Cybersecurity concerns are evolving and with data privacy laws cracking down on the way companies manage consumer data, one of the biggest questions for businesses is how to develop security strategies that could effectively combat data breaches, malware, and limit vulnerabilities within the already existing system.
Trend Micro cites out of date security systems, weak passwords, and malware to be the leading causes of data breaches. Instead of high caliber attacks, cybercriminals succeeded through exploiting site vulnerabilities. The Microsoft Security Intelligence Report also highlights that while ransomware attacks are declining, phishing continued to be the preferred attack in 2018.
However, Cisco’s 2019 Benchmark Study also warns that attackers are still creating even more sophisticated malware and evading detection and that defenders and adversaries alike have access to the same tools. This is why the technology conglomerate urges businesses to take stock of the current state of their company’s cybersecurity strategies and stay ahead of any potential risks.
So while more value is being put unto adaptive multi-factor authentication (MFA), next-generation firewalls, and building resilient data centers as a response, one company forgoes the traditional in favor of lava lamps.
Cloudflare is one of the growing website infrastructure and security companies in the Forbes Cloud 100 List. Founded in 2009, the corporation has since amassed over 600,000 clients ranging from small blogs to Fortune 500 companies. They also have around 100 lava lamps covering the walls in their San Francisco lobby called the “Wall of Entropy”, with a camera periodically taking photos of the lamps and sending it to their servers.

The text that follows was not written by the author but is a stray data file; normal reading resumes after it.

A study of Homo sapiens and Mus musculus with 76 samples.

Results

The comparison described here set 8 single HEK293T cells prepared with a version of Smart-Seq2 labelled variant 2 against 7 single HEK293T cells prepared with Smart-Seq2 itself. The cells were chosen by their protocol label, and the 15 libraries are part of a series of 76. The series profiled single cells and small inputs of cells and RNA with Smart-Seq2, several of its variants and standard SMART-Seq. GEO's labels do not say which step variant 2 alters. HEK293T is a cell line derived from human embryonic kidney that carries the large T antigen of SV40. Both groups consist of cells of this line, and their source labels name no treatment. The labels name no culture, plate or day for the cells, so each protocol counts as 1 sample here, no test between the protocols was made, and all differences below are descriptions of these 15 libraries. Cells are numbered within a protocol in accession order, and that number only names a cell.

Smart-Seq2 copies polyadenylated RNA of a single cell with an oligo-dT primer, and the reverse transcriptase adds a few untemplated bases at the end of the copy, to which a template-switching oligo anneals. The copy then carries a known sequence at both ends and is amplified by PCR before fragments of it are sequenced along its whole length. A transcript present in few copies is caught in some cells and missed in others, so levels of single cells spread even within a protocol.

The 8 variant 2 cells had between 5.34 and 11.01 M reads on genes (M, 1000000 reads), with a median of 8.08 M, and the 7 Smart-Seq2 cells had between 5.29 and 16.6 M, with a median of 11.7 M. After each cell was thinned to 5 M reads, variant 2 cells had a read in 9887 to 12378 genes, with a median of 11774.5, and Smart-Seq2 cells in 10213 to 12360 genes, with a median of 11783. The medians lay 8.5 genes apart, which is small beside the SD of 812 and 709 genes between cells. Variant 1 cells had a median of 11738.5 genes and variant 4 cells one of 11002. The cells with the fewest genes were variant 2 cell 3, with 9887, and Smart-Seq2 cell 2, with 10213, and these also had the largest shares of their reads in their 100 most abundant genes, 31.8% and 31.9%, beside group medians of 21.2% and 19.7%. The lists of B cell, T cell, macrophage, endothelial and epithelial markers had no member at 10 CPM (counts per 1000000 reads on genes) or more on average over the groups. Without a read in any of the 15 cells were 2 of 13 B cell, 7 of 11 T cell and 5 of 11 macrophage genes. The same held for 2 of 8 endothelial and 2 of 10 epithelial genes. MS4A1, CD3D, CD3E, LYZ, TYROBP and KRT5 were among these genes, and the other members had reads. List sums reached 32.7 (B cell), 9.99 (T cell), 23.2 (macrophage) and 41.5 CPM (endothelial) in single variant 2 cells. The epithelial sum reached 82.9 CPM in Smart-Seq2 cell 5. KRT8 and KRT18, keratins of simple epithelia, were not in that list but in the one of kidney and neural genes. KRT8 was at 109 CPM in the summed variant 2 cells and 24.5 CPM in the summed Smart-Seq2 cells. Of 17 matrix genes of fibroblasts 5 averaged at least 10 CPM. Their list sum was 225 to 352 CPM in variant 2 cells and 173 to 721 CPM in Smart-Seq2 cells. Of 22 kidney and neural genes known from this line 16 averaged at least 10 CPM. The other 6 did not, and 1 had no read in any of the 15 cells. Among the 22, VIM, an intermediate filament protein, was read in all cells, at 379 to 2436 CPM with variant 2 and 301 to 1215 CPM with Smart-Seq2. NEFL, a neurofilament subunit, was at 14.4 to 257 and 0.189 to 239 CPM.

(Photo : Peter Herrmann)
But what do these 70s relics have to do with such a high-tech problem as cybersecurity?
In order to protect data stored by similar web security companies, the billions of data packets generated by each user are encoded in a way that makes it difficult for malicious hackers to decrypt. A large factor of cryptography depends on randomness; whether a 6-digit password can be predicted by a malicious attack depends largely on the strength of the encryption techniques utilized. Algorithms can be created to generate close approximations of randomness, but the logical nature of computers makes its predictability a poor choice for generating encryption keys.
On the other hand, recent discoveries in cryptography have shown that real-world data proves to be a good source for randomness given the unpredictability of physical phenomena.
Lava lamps, in particular, have the quality of creating consistently unique shapes, the characteristics of its fluid mechanics ensuring that no shape takes form more than once. The photos taken of the lava lamps are stored as a series of numbers, with each pixel being assigned a numerical value, generating a string of random numbers that can be used as secure encryption keys via a pseudorandom number generator (PRNG).
But as unique as this approach to cryptography is, it turns out that lava lamps have been used as a hardware random number generator as far back as the mid-90s.
Although the original patent for Lavarand in 1996 has expired, co-founder Landon Noll made an improved RNG called LavaRnd in the early 2000s. LavaRnd utilizes a similarly hardware-based technique available for free without a license that could help anyone build a LavaRand server, lying down the groundwork for budding tech giants like Cloudflare change the landscape of computer science.